News of Riverton, Lander and Fremont County, Wyoming, from the Ranger's award winning journalists.
Nov 8, 2012 - The Associated Press
Court reconsiders teen's sentence
CHEYENNE -- Lawyers for two Wyoming teenagers serving life sentences in the home invasion slaying of a Sheridan man will get a chance to tell the state Supreme Court next month that the two deserve lesser punishment.
The Wyoming Supreme Court this week filed notice that it intends to hear arguments next month from lawyers representing Wyatt Bear Cloud and Dharminder Vir Sen as well as the state.
Bear Cloud and Vir Sen together with another defendant were convicted of murder in the August 2009 home invasion killing of Sheridan businessman Robert Ernst.
The U.S. Supreme Court last summer threw out mandatory life in prison without parole for juvenile offenders. The high court last month vacated Bear Cloud's life sentence and sent it back to the state supreme court for reconsideration.
Bull escapes, barges into home
WORLAND -- A bull that apparently didn't want to be put on the auction block escaped from the livestock sale in Worland and later barged into a home across town.
The bull darted from the Worland Livestock Auction grounds west of the city just before noon Wednesday.
About 15 minutes later, he went through an open door of a home about two miles away and down the stairs into the basement.
The Northern Wyoming Daily News says police and auction workers were on his tail but couldn't coax him out.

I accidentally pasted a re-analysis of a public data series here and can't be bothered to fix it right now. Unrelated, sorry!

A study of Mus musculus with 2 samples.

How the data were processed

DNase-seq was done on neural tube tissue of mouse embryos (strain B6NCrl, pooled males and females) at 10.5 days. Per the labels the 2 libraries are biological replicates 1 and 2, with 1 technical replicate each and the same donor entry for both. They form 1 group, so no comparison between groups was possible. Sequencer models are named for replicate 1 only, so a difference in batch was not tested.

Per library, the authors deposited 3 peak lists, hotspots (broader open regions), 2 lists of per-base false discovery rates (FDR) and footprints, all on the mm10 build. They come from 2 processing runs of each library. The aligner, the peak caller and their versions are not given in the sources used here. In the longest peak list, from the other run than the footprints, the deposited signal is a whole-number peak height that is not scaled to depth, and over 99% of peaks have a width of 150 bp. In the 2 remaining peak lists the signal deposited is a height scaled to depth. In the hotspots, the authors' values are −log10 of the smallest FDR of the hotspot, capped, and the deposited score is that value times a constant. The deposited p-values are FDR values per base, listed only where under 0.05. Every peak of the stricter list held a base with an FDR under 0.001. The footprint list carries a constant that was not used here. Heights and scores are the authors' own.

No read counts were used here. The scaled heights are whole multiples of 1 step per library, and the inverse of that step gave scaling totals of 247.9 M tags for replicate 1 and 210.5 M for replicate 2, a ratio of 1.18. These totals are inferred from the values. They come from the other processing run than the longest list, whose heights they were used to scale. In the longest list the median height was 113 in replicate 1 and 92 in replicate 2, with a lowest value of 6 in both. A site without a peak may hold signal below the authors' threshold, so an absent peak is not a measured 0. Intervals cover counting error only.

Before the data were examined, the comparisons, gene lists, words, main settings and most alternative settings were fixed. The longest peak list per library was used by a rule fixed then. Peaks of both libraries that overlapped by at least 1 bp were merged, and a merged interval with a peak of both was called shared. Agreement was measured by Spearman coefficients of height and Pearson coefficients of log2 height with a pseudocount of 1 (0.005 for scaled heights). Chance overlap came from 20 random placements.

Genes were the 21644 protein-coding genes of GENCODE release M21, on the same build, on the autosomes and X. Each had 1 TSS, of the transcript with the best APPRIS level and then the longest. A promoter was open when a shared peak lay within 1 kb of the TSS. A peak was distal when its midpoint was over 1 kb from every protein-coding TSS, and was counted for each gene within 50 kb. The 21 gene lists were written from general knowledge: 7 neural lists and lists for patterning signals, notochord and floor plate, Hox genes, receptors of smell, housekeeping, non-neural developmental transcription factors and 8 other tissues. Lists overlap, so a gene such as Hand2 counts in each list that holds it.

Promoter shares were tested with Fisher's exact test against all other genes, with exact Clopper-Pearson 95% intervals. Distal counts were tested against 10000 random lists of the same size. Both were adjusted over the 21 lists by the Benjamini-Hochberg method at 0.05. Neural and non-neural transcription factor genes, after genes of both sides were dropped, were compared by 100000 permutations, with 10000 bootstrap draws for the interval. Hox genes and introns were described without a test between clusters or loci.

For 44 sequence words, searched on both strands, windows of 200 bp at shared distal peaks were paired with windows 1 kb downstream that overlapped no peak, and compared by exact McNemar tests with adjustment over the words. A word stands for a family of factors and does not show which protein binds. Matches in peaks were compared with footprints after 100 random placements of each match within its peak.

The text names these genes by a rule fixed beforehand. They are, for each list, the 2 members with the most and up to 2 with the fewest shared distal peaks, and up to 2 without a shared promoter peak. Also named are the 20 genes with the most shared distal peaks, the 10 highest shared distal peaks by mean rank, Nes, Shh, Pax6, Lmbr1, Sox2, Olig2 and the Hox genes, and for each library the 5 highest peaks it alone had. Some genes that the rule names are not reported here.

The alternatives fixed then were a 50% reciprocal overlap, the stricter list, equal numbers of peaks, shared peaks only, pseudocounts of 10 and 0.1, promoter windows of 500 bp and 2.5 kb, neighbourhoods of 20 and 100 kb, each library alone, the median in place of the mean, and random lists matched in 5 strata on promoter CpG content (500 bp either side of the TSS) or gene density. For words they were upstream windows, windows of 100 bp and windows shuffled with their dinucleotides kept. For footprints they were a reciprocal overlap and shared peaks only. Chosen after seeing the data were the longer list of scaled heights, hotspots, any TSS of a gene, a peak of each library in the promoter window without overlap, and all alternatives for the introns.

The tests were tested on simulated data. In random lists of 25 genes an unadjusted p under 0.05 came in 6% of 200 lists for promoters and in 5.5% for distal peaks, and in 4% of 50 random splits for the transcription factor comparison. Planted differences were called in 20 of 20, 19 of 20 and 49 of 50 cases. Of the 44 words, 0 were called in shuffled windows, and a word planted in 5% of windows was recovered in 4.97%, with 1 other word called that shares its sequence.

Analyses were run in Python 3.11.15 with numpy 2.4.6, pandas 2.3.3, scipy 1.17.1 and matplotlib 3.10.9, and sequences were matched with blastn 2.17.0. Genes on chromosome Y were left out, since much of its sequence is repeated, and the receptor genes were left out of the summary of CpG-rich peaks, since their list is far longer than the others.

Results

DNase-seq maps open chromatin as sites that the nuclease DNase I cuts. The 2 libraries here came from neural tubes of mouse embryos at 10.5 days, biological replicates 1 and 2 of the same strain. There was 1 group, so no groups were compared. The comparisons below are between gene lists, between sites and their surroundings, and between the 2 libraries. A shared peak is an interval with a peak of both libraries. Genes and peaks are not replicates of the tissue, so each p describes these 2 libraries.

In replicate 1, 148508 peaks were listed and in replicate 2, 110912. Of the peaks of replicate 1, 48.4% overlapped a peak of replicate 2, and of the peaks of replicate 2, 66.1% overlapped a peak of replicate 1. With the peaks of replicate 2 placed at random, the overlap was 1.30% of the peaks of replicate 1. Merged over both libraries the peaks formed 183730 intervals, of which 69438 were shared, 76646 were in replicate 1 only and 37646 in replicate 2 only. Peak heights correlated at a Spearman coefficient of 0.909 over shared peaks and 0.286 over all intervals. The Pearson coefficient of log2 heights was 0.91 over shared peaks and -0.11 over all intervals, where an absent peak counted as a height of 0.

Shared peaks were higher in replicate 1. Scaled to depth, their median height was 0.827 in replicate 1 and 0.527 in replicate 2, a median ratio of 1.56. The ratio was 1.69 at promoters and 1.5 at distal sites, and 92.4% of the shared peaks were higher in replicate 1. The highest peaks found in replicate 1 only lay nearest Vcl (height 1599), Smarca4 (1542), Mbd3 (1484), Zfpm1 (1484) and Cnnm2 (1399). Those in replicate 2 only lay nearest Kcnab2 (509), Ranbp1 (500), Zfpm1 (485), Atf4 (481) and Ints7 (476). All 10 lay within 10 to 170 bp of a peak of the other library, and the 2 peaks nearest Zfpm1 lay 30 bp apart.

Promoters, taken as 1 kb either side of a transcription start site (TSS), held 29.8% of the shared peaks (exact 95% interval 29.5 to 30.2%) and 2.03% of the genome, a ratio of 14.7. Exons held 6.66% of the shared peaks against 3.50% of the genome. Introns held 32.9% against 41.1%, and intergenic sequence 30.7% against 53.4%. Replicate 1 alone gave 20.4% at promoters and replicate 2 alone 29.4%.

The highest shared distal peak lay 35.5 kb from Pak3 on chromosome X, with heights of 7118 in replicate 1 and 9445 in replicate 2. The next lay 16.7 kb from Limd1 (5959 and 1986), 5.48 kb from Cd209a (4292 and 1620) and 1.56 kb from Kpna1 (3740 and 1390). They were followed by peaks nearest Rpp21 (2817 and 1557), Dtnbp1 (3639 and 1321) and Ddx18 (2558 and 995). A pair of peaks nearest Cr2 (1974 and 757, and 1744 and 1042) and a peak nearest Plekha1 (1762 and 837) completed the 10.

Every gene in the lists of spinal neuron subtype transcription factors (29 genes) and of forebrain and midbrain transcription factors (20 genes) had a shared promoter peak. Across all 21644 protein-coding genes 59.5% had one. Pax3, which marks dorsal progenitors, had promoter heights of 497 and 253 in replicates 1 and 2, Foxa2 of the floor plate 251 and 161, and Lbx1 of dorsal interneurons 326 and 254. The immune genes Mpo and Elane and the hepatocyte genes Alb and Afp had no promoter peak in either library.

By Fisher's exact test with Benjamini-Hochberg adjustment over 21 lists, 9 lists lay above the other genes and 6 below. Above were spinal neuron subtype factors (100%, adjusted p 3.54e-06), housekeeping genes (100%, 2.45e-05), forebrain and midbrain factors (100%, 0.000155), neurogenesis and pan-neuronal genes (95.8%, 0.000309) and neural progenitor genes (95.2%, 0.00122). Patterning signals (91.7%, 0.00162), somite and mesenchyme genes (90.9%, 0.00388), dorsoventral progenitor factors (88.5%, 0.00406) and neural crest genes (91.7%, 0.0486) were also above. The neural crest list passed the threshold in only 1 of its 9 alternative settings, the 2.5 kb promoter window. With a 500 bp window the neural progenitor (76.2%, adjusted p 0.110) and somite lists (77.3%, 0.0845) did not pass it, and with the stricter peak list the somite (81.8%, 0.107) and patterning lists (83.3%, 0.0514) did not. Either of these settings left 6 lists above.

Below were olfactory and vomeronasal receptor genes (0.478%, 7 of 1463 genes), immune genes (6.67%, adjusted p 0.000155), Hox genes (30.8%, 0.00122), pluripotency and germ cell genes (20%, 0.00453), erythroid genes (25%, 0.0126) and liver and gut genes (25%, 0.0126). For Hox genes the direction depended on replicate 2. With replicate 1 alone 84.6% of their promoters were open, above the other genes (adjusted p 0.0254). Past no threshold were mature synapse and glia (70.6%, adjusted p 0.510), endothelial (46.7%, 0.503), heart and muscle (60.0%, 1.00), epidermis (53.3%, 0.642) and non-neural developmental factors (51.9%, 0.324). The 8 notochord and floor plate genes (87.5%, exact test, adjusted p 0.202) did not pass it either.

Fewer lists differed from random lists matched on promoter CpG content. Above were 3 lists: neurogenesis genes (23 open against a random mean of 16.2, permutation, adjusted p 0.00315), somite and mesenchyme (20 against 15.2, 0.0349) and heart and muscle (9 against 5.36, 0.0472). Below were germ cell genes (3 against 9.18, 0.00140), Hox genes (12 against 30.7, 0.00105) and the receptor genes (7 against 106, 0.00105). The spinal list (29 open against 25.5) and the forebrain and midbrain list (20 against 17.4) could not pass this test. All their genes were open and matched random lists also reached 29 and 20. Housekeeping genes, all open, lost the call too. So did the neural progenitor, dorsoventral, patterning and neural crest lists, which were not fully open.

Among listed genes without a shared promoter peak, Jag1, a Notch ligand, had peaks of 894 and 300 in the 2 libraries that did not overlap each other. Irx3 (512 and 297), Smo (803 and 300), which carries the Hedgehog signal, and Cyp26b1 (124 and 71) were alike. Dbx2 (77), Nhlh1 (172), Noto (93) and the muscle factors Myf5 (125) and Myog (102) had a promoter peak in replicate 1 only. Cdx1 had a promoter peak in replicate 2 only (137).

The bull eventually was tranquilized with help from veterinarian Dan Miller, who described the bull as "mean, grumpy, upset, excited."
The animal weighs 1,400 pounds and left behind quite a bit of damage to the home's walls and stairs.
Fuel cell/data center grant endorsed
CHEYENNE -- The Wyoming Business Council board is endorsing a $1.5 million grant that would help bring to Cheyenne a Microsoft data center powered by an experimental fuel cell.
The grant would fund construction of gas lines and power lines for the project.
Under the proposal, the fuel cell would generate electricity from methane produced by the city's Dry Creek wastewater treatment plant.
The fuel cell would provide about 200 kilowatts of electricity for the data center and another 100 kilowatts for the treatment plant, helping to reduce the city's energy costs.
The State Loan and Investment Board plans to consider the state grant for the roughly $8 million project at a meeting in December.
With approval, the data center could be operational by next summer.